By Alleen Brown
By Maggie LaMaack
By CP Staff
By Jesse Marx
By Jesse Marx
By Maggie LaMaack
By Jake Rossen
"In the restaurant business you don't get the kind of inundation that you get on a day when 100,000 people show up at the fair," Sinclair explains. "We look at whether they have experience at other fairs, at what kind of equipment they have. There are some things that conceptually or artistically sound really great, but can be practical failures." (On the topic of failures, as well as the exact number of inquiries fielded each year, Sinclair is vague; all he'll say is that it's been a long time since the bulk of the applicants were amateurs hoping to exploit Great-Aunt Millie's secret Divinity recipe.)
Vendors must be able to negotiate the fair's logistics, find suppliers who will deliver materials at odd hours, and secure workers happy to endure long, hot hours for low pay. "In 12 days, that person has all the costs associated with operating a business," says Sinclair. "The cost of a license, equipment, labor. An operator only has 12 days to make it. If they get too much rain, or not enough help, it can have a big impact on the bottom line."
Applications that make the short list go into a file, from which Sinclair and his staff draw when a spot opens up. Space requirements factor into the decision: Some corners of the grounds can't hold a vendor who needs a refrigerated truck. Others can't accommodate long lines. And each addition must help preserve the balance between hot and cold, exotic and traditional, sweet and sour.
In the end, the handful of applicants who get the nod in any given year probably think they've been given a license to print money. They may even hang on to that illusion until Labor Day, when they count the till one final time and mumble, "Gold mine, my ass."
Meanwhile, God watches. Tinkering, as is his style, with the details. Fair staffers count foot traffic in buildings and at attractions. They count the number of items-on-a-stick leaving a vendor's window at different times of the day. They flyspeck the books. "We look at every operation every year," says Sinclair. "We do a lot of photo-taking, we review everything at the close of the fair, and we get involved in the aesthetics and functionality of every business."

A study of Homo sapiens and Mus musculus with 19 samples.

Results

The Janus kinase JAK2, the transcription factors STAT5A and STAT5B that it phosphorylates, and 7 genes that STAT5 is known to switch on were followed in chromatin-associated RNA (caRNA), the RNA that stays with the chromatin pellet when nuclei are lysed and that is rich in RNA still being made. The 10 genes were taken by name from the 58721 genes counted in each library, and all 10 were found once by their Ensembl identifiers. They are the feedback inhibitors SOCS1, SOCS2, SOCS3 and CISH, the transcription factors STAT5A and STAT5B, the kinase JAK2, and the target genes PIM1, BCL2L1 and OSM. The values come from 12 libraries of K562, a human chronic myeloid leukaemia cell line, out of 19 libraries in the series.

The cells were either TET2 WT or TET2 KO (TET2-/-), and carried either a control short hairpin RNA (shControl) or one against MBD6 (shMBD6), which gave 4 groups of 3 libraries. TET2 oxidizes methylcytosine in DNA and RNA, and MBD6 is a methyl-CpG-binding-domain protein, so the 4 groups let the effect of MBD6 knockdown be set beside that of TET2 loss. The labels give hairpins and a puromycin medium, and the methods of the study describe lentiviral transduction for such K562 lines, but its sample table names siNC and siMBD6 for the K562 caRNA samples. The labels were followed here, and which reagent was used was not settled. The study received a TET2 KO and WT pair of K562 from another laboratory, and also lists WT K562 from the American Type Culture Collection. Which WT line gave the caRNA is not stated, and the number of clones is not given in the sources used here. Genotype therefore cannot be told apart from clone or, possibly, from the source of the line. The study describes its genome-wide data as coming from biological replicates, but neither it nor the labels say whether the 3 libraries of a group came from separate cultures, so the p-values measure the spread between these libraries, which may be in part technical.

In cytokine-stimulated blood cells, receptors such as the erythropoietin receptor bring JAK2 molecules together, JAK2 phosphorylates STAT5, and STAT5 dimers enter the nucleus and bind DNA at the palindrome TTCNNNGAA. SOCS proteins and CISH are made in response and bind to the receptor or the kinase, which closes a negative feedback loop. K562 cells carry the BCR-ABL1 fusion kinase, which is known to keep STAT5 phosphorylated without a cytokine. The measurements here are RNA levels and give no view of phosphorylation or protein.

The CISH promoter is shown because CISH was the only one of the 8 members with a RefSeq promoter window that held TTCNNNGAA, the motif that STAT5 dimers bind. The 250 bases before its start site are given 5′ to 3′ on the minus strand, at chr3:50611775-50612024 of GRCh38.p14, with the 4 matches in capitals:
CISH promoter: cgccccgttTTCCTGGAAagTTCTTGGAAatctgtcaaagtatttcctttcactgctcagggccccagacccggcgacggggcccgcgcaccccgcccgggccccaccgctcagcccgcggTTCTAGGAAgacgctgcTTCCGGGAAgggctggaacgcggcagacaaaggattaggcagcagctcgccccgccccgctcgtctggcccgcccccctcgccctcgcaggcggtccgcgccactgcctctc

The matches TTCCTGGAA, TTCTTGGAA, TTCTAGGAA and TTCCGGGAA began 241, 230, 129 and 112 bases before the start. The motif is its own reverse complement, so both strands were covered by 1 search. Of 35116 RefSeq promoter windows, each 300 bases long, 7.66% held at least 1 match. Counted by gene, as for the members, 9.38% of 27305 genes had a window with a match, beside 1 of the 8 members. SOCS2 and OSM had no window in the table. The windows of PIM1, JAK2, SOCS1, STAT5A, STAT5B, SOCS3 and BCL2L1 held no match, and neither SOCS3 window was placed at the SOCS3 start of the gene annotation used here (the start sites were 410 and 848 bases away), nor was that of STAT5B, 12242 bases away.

Here's what that means from a vendor's perspective: Bill's first few years, he sold from a stick stand barely big enough for a cook and a counter attendant. From the start his lines were long, helped by the lack of a proper ventilation system to steer the cooking smells above the heads of the public. Since there was neither room nor cash for extra help, the pace was frenetic. It was unbearably hot and stuffy. Forget meal breaks, you prayed for time to go to the bathroom. The first year I worked there, all the little hairs on my arms were singed off as we put out fires and fixed the various low-tech gizmos that kept us cooking.
After a while--when, Bill guesses, it started to look like his stand was going to make it--God came around and asked for changes. "They told us that they wanted us to build a flashy trailer," says Bill. "We submitted three sets of plans they had to OK before we could build. They would come back to us and say, 'You have to change this or that.'" It all seemed like a big hassle.
Until the following August, when business doubled. Suppliers had to be contacted, orders increased with barely enough time to thaw the product. Nonfamily workers had to be hired mid-run, no easy task when your home base is a tent. Still, the lines grew longer. For nearly two weeks, it looked like Bill was cooking his way to the Promised Land.
Hah. The longer lines meant an even bigger stall, the higher capacity required still more costly equipment. The nonfamily workers came with payroll, withholding, and insurance. Not to mention the improvements Sinclair suggested--paint this, spiff that up, iron out some glitch or another.
Each year the suggestions ate the lion's share of Bill's profits. And each successive year meant a bigger gross. Good for Sinclair's bottom line. And in the long run, good for Bill.
"He makes you work for every little thing," Bill says of Sinclair, more amazed than irritated. "He doesn't want your paint to look dull. He wants this crisp, clean, almost professional, urban look. It's getting away from being a farm fair. Now it's an urban fair."
Several years ago Bill's old two-man stand got trucked away and converted into a sauna at a friend's cabin. He says he misses it, conveniently having developed a mental block about the nights he spent sleeping on its greasy floor. It's not the hardship he wants back, it's the rush of being part of a tight-knit clan of folks who had nothing but one good idea and two weeks' worth of stamina.
Like other vendors, he used to barter a lot, slipping a snack to the garbage collectors to make sure they came by a couple of extra times, or to the off-duty police patrols who might offer a ride to the campground where most vendors flop for the duration of the fair. There was almost always a pitcher of beer stashed under the cash drawer or above the windowsill. Everybody stayed up all night every night drinking more beer. Bill met his wife at the fair; the rest of us road-tested the tempers of our significant others by parking them over the cooker and disappearing for a couple of hours.